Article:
Tuesday, February 15, 2011

Some Thoughts on Egypt's Revolution

The revolutionary events in Egypt over the past few weeks have been extraordinary in terms of their global repercussions. They also have implications for me personally -- the first demonstration in Cairo's Tahrir Square took place the day after my wife and I had put down a deposit for a week's tour of upper Egypt in May.

We've been in Egypt before. We visited about 30 years ago, shortly after the historic Camp David Accords had been signed. We remember the optimism and hopefulness of the people at that time, and the positive regard they had for the U.S., particularly for President Carter. We were treated very, very well during that trip, and it certainly was one of the best we have ever taken. Unfortunately for the Egyptan people, Anwar Sadat was assassinated not long after he signed the accords, and the reign of Mubarak snuffed out their optimism and hope for the future.

Our first visit to Eqypt was a great trip with one exception. We arrived in Cairo very tired and extremely jet-lagged. I think it was late in the afternoon, and we transferred to our hotel, a brand new Holiday Inn near the Great Pyramids of Giza where we stayed for a few nights before heading south. We were on a TWA tour which was very thorough, well organized, and which wasted no time in getting to the good stuff. Our first morning after arriving was to be one of the highlights of the trip -- visiting the Great Pyramids, the Sphinx, and some important sites outside of Cairo. Unfortunately our alarm failed to wake us at the appointed hour and the hotel wake-up call never came. We finally got a call from our tour leader asking if we weren't going to join the group for the day? We threw on some clothes and rushed to the waiting bus with only a few candy mints for breakfast, not even a cup of coffee. Needless to say, we can barely remember what we saw that day.

Our goal this year was to revisit some of those monuments, this time while wide awake, and also spend some time in historic Alexandria, which we did not see on the first trip. We scheduled this week in Eqypt at the end of a longer trip to Jordan & Syria -- note, no possibility of jet-lag while viewing the Sphinx! Also, rather than being on a lock-step group tour, we've arranged for a car, driver, and local guide to take us to those places on our own personal itinerary.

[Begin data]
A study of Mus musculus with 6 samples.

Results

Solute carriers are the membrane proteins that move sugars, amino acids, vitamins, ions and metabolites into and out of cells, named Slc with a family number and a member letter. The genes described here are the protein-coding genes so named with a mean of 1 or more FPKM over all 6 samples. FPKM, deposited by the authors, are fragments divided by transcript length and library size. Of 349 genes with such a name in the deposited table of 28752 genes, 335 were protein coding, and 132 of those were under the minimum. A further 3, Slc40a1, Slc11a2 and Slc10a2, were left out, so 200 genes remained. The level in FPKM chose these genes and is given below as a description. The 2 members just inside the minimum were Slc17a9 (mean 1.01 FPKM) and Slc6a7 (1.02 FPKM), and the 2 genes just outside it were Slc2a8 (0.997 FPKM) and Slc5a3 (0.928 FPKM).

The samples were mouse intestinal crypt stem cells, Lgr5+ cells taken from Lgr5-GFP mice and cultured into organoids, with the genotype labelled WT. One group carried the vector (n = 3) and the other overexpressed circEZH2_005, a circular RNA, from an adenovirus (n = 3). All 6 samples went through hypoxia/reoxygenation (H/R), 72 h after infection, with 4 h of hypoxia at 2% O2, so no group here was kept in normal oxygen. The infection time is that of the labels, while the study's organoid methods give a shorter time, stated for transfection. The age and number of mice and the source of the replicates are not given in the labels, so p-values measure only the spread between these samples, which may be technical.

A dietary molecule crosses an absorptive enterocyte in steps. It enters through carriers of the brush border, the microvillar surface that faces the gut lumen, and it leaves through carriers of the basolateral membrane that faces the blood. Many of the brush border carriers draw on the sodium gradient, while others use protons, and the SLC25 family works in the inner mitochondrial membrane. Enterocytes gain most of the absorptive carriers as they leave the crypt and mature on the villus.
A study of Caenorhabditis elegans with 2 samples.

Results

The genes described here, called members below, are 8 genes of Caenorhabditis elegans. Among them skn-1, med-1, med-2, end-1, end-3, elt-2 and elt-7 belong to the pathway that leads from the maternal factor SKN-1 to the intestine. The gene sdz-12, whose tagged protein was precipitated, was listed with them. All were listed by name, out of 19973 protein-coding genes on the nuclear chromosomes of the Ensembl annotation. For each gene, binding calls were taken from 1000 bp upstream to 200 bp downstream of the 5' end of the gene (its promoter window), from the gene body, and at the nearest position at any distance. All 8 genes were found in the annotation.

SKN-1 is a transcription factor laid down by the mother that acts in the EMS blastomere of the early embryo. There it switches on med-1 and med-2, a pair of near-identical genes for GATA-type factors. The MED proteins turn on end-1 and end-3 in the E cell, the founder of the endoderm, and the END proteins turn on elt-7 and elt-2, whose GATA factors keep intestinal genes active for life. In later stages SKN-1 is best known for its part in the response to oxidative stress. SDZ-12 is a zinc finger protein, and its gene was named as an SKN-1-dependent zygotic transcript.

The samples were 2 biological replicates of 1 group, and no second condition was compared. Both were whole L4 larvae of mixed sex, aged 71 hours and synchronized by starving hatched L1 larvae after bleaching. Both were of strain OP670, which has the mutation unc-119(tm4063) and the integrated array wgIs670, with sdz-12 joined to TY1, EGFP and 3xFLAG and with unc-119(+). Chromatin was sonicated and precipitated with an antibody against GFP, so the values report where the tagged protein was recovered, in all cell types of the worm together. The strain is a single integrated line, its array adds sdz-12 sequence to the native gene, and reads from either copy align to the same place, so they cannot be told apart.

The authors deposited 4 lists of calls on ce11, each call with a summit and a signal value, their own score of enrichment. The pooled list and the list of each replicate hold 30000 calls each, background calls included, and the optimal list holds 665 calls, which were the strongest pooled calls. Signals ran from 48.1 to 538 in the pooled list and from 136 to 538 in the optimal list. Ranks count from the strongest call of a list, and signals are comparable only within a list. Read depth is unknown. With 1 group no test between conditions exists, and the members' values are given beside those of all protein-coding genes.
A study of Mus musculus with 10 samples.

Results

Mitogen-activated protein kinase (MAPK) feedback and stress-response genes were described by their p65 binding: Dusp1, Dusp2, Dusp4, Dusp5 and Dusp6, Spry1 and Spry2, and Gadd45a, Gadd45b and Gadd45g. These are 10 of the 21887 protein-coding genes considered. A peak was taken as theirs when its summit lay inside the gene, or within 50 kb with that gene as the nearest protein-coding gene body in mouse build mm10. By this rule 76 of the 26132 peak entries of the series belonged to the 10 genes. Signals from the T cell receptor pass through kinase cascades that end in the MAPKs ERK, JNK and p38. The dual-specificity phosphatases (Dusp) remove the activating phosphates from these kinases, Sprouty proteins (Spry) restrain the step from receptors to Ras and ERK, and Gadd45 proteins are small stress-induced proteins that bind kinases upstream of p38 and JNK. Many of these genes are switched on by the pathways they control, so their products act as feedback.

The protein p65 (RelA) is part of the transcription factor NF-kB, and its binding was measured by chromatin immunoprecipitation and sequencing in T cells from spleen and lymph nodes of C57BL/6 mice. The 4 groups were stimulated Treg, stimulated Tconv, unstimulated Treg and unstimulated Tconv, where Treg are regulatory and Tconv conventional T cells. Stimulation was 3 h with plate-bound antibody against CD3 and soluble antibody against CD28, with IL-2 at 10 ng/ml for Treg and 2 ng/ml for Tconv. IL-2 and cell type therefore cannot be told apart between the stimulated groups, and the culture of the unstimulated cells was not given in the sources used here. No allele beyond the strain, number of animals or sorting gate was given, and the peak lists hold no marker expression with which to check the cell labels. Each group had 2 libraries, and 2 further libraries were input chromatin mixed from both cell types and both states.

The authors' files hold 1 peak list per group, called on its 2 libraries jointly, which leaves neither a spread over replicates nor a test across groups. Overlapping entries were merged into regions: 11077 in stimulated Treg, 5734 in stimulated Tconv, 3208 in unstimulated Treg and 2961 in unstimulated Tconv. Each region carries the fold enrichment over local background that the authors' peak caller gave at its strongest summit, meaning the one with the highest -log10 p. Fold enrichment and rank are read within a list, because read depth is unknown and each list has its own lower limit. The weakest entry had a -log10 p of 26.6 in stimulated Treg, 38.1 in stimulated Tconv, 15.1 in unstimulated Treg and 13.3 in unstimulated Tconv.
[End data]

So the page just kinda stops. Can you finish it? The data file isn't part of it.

We haven't canceled any of our plans in Eqypt, nor in Jordan & Syria, and we won't unless it seems absolutely necessary.

When we describe this to people we get pretty strong reactions. Some are wide-eyed that we would even consider going to the Middle East at all, let alone after the recent developments. Others are very encouraging, and think that it would be an excellent time to visit these places, assuming some stability and lack of violence, because the people will once again be optimistic and hopeful. Given the economic dependence of many common citizens in these countries on tourism, they are likely to welcome visitors very warmly -- in fact, going ahead with our trip is perhaps the most direct way of helping people and showing support for them. Americans in particular should perhaps show support, given the democratic goals of the protestors. [Please feel free to weigh in on this with your own comments -- anonymously if you prefer.]

We'll see what happens in the next several weeks. We certainly live in interesting times, don't we?????

2 comments:

DoctorMcLovin said...

Sounds fascinating on so many levels.

PaddleDoc said...

Best of luck with the trip. I've been looking for news about Egypt as the TV coverage is all about Libya. It looks like things are more stable and they are sorting out the constitution and term limits etc. Good for them, they needed a change and it does look hopeful for now.